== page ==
Hong Kong protester shot and man set on fire as violence erupts

Anger grows over student's death as city enters 23rd week of unrest

A still image from a social media video shows a police officer aiming his gun at a protester in Sai Wan Ho, Hong Kong on Nov. 11 (Photo by CUPID PRODUCER/ REUTERS)

HONG KONG -- Violence spread across Hong Kong on Monday, as scenes resembling urban warfare gripped the city at the start of its 23rd week of political unrest.

As events quickly unfolded throughout the day, a police officer shot one demonstrator during the morning rush-hour, authorities said a man set on fire was in critical condition, and university campuses closed amid clashes between police and protesters.

A graphic video circulating online on Monday appeared to show a man being doused with some type of fluid and being set on fire. While details of the incident were unclear, the chilling scene brought widespread condemnation on social media.

The police department said it received a report at 12:53 p.m. that a man was attacked and set aflame on a footbridge in the satellite town of Ma On Shan. A Hospital Authority spokesperson later confirmed that the man was in critical condition.

Another video showed a black-clad demonstrator being shot at close range by an officer in a street confrontation. A Hospital Authority spokesperson said the 21-year-old man was wounded by a live round of ammunition, and police said that the man was not facing mortal danger following surgery.

The shooting marked the third time a protester had been hit with a live round during a confrontation with the police. On Oct. 1, an 18-year-old secondary school student was shot in the chest, also at close range. He has since been discharged from hospital. Three days later, a 14-year-old boy was hit in the leg after an officer opened fire during a clash in the New Territories.

Chief Executive Carrie Lam, in an evening news conference on Monday, condemned what she described as the violent attacks of "rioters," stressing that the government will not satisfy their "political demands."

"If there is still any wishful thinking that by escalating violence, [that] the Hong Kong SAR government will yield to pressure to satisfy their so-called political demands, I am making this statement clear and loud here: That will not happen," she said, adding that violence was not the solution to the problems facing Hong Kong. "Our priority now as a city is to end the violence and to return Hong Kong to normal as soon as possible."

Hong Kong's Chief Executive Carrie Lam addresses a news conference in Hong Kong on Monday.   © Reuters

In another incident captured on video, an officer on Monday drove his motorcycle through a group of protesters on a street, brushing by several and knocking some to the ground. A police spokesperson said the officer had been attacked with a hammer.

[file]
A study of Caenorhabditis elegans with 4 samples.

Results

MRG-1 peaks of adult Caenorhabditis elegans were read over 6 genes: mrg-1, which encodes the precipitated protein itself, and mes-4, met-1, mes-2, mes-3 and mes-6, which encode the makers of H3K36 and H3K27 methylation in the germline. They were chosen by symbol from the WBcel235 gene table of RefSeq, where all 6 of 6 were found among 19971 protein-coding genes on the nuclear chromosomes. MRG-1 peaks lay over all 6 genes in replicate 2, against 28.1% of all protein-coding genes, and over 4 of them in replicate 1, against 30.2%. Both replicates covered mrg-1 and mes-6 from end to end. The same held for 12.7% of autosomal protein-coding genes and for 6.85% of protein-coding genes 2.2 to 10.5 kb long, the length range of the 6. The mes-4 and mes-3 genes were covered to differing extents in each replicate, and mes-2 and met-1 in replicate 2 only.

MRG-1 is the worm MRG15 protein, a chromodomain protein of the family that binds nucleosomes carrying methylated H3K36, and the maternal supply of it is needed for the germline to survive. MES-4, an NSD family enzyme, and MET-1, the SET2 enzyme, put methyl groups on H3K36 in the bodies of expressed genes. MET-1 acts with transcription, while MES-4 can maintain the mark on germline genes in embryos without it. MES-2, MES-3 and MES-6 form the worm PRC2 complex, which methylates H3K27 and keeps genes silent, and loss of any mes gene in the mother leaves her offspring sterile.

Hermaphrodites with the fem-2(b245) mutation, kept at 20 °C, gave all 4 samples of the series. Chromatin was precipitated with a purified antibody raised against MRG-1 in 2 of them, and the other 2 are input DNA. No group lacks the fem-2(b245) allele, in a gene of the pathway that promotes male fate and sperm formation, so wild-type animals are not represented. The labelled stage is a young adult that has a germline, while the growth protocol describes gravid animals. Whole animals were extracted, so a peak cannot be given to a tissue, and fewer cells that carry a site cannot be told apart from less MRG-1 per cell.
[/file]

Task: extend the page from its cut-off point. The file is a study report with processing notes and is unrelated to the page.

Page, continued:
"The officer has been suspended from all front-line duties instantly and has taken leave instantly," the spokesperson said, adding that the case is under investigation.

"Continuing this rampage is a lose-lose situation for Hong Kong," the spokesperson said. "Everyone is [a] loser. We appeal to everyone to please stay calm and rational."

Meanwhile, a citywide general strike hit most of Hong Kong's universities on Monday, as students blocked transport in and out of campuses, leading university authorities to cancel all classes for the day. Students at the University of Hong Kong and Polytechnic University clashed with police who arrived in the morning to clear out the barricades, firing tear gas. Students at HKU tried to halt the police's advances by throwing rocks, while video showed petrol bombs were being thrown by PolyU students.

University campuses are strongholds of the anti-government protests. According to the Hong Kong Police Force's Public Relations Branch, 3,001 protesters have been arrested since the large-scale protests began in early June, of which 1,064 are students.

Anger among the local student body has increased dramatically after university authorities declined to publicly condemn alleged police brutality, along with the recent passing of 22-year-old Chow Tze-lok, a student at the Hong Kong University of Science and Technology. He died on Friday from head injuries after falling from a parking garage where police had fired tear gas.

A protester throws a stone while holding a Molotov cocktail from behind a barricade during clashes with riot police at Hong Kong Polytechnic University in Hong Kong on Monday.   © Reuters

Also on Monday, protesters disrupted the morning commute by blocking roads and crowding rail stations. Many train services were suspended. The developments followed a weekend of peaceful memorials for the student and clashes between protesters and police at shopping malls across Hong Kong.

Stocks tumbled on Monday as clashes grew increasingly tense. The Hang Seng Index fell 2.6% as police used tear gas to disperse crowds in the city's high-rise Central business district. Some office staff in the area and other parts of the city left their workplaces by midday.

The government issued a statement on Monday saying that online rumors that it would "announce the suspension of work, classes and the stock market under the Emergency Regulations Ordinance," the colonial-era law that gives the government sweeping powers and was used to introduce the anti-mask law on Oct. 4, were "absolutely not true."

The government invoked emergency powers to introduce the ban on face masks, which protesters have used to protect themselves from tear gas as well as to shield their identities.

Meanwhile, the Hong Kong Monetary Authority denied rumors that it would place a cap on daily cash withdrawals from banks, calling it "totally fake and unfounded." The city's de facto central bank said in a statement: "The Hong Kong banking system is robust and sound, with ample liquidity to meet the needs of the public."

Additional reporting by Eduardo Baptista.